DOVER — While the delta variant, a mutation of COVID-19 with increased transmissibility, has been detected in Delaware, people who are fully vaccinated are protected against coronavirus and its variants, according to the Delaware Division of Public Health.
In a written statement, DPH medical director Dr. Rick Hong wrote that the Centers for Disease Control and Prevention does not recommend an “extra or ‘booster’ dose for any COVID-19 vaccines (Pfizer, Moderna, Johnson & Johnson) at this time.”
He noted further review is taking place “regarding benefits for booster doses.”
According to the CDC, the delta variant was first detected in India and is more transmissible than the novel strand of the coronavirus.
However, Dr. Hong wrote the risk of COVID-19 is minimal for fully vaccinated people. The risk of transmission from fully vaccinated people to unvaccinated people also is reduced through any COVID-19 vaccine.
“Fully vaccinated people can resume activities without wearing a mask or physically distancing,” he wrote in a statement. “The CDC does not provide differing guidance for mask use or other prevention measures for different vaccines.”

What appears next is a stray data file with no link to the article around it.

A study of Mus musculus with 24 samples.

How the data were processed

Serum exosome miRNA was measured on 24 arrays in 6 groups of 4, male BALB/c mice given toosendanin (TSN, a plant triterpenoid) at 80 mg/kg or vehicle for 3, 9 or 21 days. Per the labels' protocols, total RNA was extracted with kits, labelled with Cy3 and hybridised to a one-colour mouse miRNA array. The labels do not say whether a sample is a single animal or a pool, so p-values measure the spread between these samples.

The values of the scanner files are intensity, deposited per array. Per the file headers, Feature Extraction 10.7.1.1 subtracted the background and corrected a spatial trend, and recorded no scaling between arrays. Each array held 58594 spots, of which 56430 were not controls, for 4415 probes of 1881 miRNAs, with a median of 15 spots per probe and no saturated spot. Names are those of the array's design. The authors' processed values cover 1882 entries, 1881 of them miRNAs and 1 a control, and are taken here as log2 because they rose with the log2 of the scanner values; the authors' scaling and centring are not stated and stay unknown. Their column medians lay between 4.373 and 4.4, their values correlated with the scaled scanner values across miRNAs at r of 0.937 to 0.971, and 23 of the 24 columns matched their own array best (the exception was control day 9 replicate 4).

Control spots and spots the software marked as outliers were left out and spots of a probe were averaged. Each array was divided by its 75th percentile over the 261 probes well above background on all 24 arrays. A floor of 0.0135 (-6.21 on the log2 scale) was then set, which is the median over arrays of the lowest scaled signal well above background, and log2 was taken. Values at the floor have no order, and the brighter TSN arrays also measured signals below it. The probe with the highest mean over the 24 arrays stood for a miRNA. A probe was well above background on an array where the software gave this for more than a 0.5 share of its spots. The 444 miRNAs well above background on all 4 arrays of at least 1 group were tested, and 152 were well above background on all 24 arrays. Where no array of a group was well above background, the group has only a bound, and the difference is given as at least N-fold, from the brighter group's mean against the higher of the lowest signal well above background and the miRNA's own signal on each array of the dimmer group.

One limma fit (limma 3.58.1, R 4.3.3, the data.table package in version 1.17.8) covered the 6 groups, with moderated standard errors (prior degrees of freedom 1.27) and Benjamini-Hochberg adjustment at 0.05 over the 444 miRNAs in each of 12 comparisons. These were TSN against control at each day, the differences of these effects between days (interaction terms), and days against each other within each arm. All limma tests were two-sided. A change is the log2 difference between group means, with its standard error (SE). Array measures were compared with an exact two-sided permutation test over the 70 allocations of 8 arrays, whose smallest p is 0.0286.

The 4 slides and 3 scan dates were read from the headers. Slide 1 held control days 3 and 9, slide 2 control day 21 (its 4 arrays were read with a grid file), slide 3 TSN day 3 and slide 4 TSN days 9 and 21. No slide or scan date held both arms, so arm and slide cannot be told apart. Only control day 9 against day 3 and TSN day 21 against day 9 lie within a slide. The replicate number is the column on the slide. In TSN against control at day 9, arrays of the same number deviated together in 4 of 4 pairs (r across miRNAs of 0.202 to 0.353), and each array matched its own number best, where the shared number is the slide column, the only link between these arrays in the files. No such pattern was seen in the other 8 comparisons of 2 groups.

Dr. Hong wrote prevention measures for COVID-19 continue to be mask wearing and maintaining six feet of social distance from those outside of a household who are unvaccinated.
More than 1 million COVID-19 vaccine doses have been administered in the state as of Saturday, DPH reports.
Those age 65 and older continue to be the most vaccinated, DPH reports, with 160,564 people in that age group vaccinated, about 92.2%.
It’s been a week since the last COVID-19 related death in the state — DPH reports 1,695 people have passed away due to the virus.
Overall, hospitalizations due to COVID-19 increased in the state by 10, bringing the total number of those hospitalized to 38. There was an increase of 11 people hospitalized in New Castle County Saturday, however Kent County saw one fewer person hospitalized and Sussex saw no change in hospitalization amounts.
The state’s COVID-19 hospitalization amount on Saturday was its highest since late June, when it peaked at 39 on June 30. Hospitalizations have generally remained in the mid-20s and low-30s in the last week of June and first week of July.